A Baltimore church has announced a collaboration with several donors, including the United Way of Central Maryland, to help families who were victims of an August home explosion that killed two people, injured several others, and destroyed and damaged many structures.
The Empowerment Temple AME covered the funeral costs for families of those killed in the Aug. 10 explosion in the Reisterstown Station neighborhood of Northwest Baltimore, Pastor G.J. Barnes of The Empowerment Temple AME and his wife, Junetta Barnes, said during a Wednesday news conference.
Barnes and his wife said the church, several blocks away on Primrose Avenue, is in the process of rolling out four phases in assisting families trying to cope with the aftermath of the blast, a plan they said includes supporting families “physically, mentally, emotionally, spiritually and financially.”
Joseph Graham, 20, a rising junior at Morgan State University, and Lonnie Herriott, 61, died during the incident and were found in the in the wreckage as crews cleaned up.
The church has spent approximately $35,000 to cover funeral costs for Graham and Herriott, along with other needs for the families on Labyrinth Road, they said.
Daniel Gibson, who handles communications for the church, said the funeral costs for Graham and Herriott totaled roughly $15,000.
Other help will come from other donors, including “eight major partners” as of Wednesday, Gibson said.
“We were able to cover 100% of those costs for both families and both funerals and related expenses,” G.J. Barnes said. “We are grateful that the church has made a commitment to continue to invest further services into the Labyrinth Road community.”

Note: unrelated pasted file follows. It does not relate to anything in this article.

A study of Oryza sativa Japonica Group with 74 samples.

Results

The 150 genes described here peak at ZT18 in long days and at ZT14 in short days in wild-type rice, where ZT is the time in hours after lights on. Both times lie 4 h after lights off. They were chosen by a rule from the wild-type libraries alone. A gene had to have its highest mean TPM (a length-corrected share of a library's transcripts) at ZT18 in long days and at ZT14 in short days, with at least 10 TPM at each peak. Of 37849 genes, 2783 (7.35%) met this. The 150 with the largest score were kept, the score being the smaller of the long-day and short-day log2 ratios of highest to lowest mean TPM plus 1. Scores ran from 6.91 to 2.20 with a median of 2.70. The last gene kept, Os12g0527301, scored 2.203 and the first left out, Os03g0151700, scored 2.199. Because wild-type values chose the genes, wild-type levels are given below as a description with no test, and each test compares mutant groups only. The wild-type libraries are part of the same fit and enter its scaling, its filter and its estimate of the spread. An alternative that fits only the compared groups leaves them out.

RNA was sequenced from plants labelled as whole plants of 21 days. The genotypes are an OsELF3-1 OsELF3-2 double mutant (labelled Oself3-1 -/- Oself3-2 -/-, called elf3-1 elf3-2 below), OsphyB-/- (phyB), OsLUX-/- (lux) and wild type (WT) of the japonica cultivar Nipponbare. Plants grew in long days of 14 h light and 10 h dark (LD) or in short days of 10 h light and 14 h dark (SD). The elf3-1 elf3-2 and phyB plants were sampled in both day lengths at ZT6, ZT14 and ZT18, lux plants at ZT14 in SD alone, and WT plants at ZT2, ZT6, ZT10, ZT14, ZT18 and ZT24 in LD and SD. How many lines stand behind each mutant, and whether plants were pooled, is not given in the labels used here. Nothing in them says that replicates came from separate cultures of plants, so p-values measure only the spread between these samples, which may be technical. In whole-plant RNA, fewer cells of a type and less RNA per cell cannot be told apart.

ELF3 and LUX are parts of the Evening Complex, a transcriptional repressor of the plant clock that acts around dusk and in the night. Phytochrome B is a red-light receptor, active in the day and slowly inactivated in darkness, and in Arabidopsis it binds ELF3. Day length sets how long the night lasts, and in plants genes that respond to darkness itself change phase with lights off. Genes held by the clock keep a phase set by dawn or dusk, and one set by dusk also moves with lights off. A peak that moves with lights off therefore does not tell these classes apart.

Barnes said he and members of the church went door-to-door in the neighborhood to speak with residents following the explosion, hoping to reassure residents that the church would be “taking this walk with them for the long haul.”
Barnes said some staff members who were in the church, which is located just a few blocks south of the blast, felt the force of the explosion. He said residents will be offered help to gain access to licensed counseling through the church, The United Way and other partners in the effort.
Some of the residents who survived the explosion are showing signs of post-traumatic stress disorder, he said.
The explosion took place around 10 a.m. Aug. 10, demolishing three two-story row-homes began to crumble in the 4200 block of Labyrinth Road. The sound could be heard for miles. It shattered windows at neighboring homes and businesses, forcing families to board up their homes.
More than 200 emergency responders joined the search and pulled at least one man and woman from the debris following about two hours of effort. The bodies of the dead were discovered and removed later.
As crews were cleaning up, the American Red Cross set up a station at a nearby Applebee’s restaurant, where residents whose homes were damaged could come and get water and food.
Days later, Baltimore Gas & Electric Co. said its equipment was not responsible for the explosion and suggested that faulty customer-owned equipment could have caused the blast.